The social network, with 60 million daily users, plans to begin selling sunglasses with a built-in camera for $129.99.
During the chain’s Q2 financial conference call, executives talk up mobile and a test of a buy online, pick up in-store program.
Kohl’s Corp. in the coming months will enable shoppers to buy products online and pick them up in stores, improve its mobile app and strive for 20% e-commerce sales growth, the retail chain’s executives said this week.
Kohl’s, No. 23 in the Internet Retailer Top 500 Guide, this week reported sales of $4.242 billion in the second quarter ended Aug. 2, up 1.1% from the same period last year. The chain did not release e-commerce figures. According to Top500Guide.com, its web sales hit $1.76 billion in 2013, up 23.1% from 2012.
In a Q2 conference call with analysts, chief financial officer Wes McDonald said that e-retail sales increased more than 20% in July after falling below that growth mark in the first quarter. “We plan to grow e-commerce 20% a year,” he said, according to a transcript of the call provided by Seeking Alpha. “So we underachieved that for a variety of reasons in the first quarter.We are going to overachieve that in July, August, September for sure, and then it should go back to a normalized 20% going forward.”
Last year, the chain’s e-commerce sales suffered as Kohl’s changed its e-commerce platform, CEO, president and chairman Kevin Mansell told analysts, with that technology work focused in the third quarter of 2013. The chain now works with Oracle Corp.'s Oracle Commerce platform.
Kohl’s executives also had this to say about e-commerce during the call:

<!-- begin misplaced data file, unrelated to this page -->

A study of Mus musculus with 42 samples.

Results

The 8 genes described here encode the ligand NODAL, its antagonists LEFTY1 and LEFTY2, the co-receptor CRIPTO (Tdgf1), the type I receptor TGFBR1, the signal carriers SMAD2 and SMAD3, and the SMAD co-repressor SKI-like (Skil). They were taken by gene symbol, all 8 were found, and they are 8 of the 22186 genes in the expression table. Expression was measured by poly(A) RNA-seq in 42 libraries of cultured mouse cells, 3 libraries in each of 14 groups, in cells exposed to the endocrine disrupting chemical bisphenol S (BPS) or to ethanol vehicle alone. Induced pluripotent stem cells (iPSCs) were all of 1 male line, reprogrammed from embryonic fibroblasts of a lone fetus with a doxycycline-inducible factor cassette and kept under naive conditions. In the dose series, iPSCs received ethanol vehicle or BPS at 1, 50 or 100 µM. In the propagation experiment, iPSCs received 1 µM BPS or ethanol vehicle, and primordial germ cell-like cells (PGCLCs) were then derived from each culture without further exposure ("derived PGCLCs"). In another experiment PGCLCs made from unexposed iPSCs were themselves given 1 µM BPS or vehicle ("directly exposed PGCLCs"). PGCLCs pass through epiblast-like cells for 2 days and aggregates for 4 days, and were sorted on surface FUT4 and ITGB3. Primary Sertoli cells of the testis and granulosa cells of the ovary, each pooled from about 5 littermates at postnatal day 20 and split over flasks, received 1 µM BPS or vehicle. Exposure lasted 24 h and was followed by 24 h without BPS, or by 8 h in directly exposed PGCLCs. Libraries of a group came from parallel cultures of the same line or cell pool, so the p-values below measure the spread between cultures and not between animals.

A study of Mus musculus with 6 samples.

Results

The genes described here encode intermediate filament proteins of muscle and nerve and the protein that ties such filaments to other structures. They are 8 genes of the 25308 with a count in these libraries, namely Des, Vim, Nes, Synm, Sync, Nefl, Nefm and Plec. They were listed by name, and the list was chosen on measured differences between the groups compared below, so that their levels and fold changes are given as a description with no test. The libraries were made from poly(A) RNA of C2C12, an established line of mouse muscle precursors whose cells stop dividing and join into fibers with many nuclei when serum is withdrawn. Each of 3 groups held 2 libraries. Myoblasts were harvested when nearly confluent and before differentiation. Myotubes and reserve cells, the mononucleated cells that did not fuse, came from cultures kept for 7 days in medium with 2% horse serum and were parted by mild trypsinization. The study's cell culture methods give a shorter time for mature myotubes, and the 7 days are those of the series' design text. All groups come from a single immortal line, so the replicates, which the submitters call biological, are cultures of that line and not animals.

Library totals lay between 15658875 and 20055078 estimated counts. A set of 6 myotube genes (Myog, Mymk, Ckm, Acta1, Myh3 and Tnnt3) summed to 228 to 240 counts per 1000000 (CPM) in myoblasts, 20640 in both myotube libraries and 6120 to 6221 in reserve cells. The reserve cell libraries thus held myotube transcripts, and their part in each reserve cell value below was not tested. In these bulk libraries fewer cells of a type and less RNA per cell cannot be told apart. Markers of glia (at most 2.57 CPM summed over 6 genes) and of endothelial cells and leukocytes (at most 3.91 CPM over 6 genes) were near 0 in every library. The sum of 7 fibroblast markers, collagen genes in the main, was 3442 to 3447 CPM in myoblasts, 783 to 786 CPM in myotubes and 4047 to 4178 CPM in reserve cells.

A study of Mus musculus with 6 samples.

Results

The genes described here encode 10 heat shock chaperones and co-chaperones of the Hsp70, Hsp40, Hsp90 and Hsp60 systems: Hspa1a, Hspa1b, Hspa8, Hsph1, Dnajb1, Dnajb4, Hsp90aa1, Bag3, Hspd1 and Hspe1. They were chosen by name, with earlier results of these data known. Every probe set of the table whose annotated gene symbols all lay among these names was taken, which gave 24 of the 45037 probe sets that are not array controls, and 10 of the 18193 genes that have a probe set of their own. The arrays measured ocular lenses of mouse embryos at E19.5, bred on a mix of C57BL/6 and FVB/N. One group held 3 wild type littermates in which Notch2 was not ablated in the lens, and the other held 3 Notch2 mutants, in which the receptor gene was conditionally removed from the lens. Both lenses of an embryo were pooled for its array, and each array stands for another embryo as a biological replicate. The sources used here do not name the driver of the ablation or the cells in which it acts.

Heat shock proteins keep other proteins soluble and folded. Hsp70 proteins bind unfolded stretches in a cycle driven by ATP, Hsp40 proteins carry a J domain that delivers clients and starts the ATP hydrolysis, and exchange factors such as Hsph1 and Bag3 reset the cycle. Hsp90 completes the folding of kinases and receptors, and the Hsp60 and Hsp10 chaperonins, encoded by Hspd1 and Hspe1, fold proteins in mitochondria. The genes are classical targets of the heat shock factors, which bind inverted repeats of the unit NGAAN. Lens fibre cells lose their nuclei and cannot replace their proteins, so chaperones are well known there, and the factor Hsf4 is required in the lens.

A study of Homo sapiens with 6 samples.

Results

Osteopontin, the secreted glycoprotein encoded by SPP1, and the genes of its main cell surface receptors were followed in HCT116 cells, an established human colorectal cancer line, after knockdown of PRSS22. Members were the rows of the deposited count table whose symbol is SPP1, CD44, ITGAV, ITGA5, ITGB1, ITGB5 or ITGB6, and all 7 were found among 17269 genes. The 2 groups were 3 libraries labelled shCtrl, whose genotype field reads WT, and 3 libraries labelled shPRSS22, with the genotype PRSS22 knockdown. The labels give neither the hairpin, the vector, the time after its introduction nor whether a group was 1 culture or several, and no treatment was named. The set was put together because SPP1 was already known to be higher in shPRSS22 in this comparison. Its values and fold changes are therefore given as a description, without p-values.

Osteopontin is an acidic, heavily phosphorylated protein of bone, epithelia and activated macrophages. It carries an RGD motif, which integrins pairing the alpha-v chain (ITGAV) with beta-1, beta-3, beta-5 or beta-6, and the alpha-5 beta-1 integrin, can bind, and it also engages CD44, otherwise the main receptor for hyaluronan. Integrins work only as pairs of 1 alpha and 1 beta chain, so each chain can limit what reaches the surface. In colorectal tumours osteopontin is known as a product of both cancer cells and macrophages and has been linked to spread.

• “Our retail distribution centers reported lower costs but our e-commerce fulfillment centers reported higher costs,” McDonald told analysts. He added that the chain’s Q2 advertising expenses increased in part because of efforts to drive traffic to the retailer’s web site.
• In order to drive more traffic to the chain’s stores—Kohl’s operates 1,160 stores, McDonald said—the retailer will test a buy online, pick-up in-store program in 100 stores this fall. “Once successful, the pilot will be rolled out to all stores nationwide,” Mansell said. The program, McDonald said, will "really give customers another reason to make a visit that they otherwise might not have made. So it is all about traffic. I mean that’s what we are focused on. It is all about traffic.”
• Mansell also restated the chain’s plans to use about 800 stores to fulfill online orders, essentially making them miniature e-commerce warehouses. “We think this will improve shipping times and provide additional e-fulfillment capacity during the peak holiday season,” he said during the call.
• The chain’s anticipated e-commerce gains will come largely from mobile. “Mobile is driving the e-commerce business,” Mansell said. “And essentially a large portion of the increase in mobile in e-comm traffic has been accounted for on mobile devices, and the shift from desktop to mobile, both phone and tablet, is dramatic, accelerating, and doesn’t appear to have any slowdown in sight.” McDonald said that the chain this year will focus on “improving the mobile app to where it is easier and you can check out in fewer steps.”
For the second quarter of 2015, Kohl’s reported:
• Total sales of $4.242 billion in the second quarter, down 1.1% from $4.289 billion for the same period last year.
• A 1.3% decrease in comparable-store sales.
• $232 million in net income, up 0.4% from $231 million in the second quarter of 2013.
For year to date, the chain reported:
• Total sales of $8.312 billion, down 2.1% from $8.488 billion for the same period last year.
• A 2.3% decline in comparable-store sales
• Net income of $357 million, down 5.6% from $378 million for the first two quarters of 2013.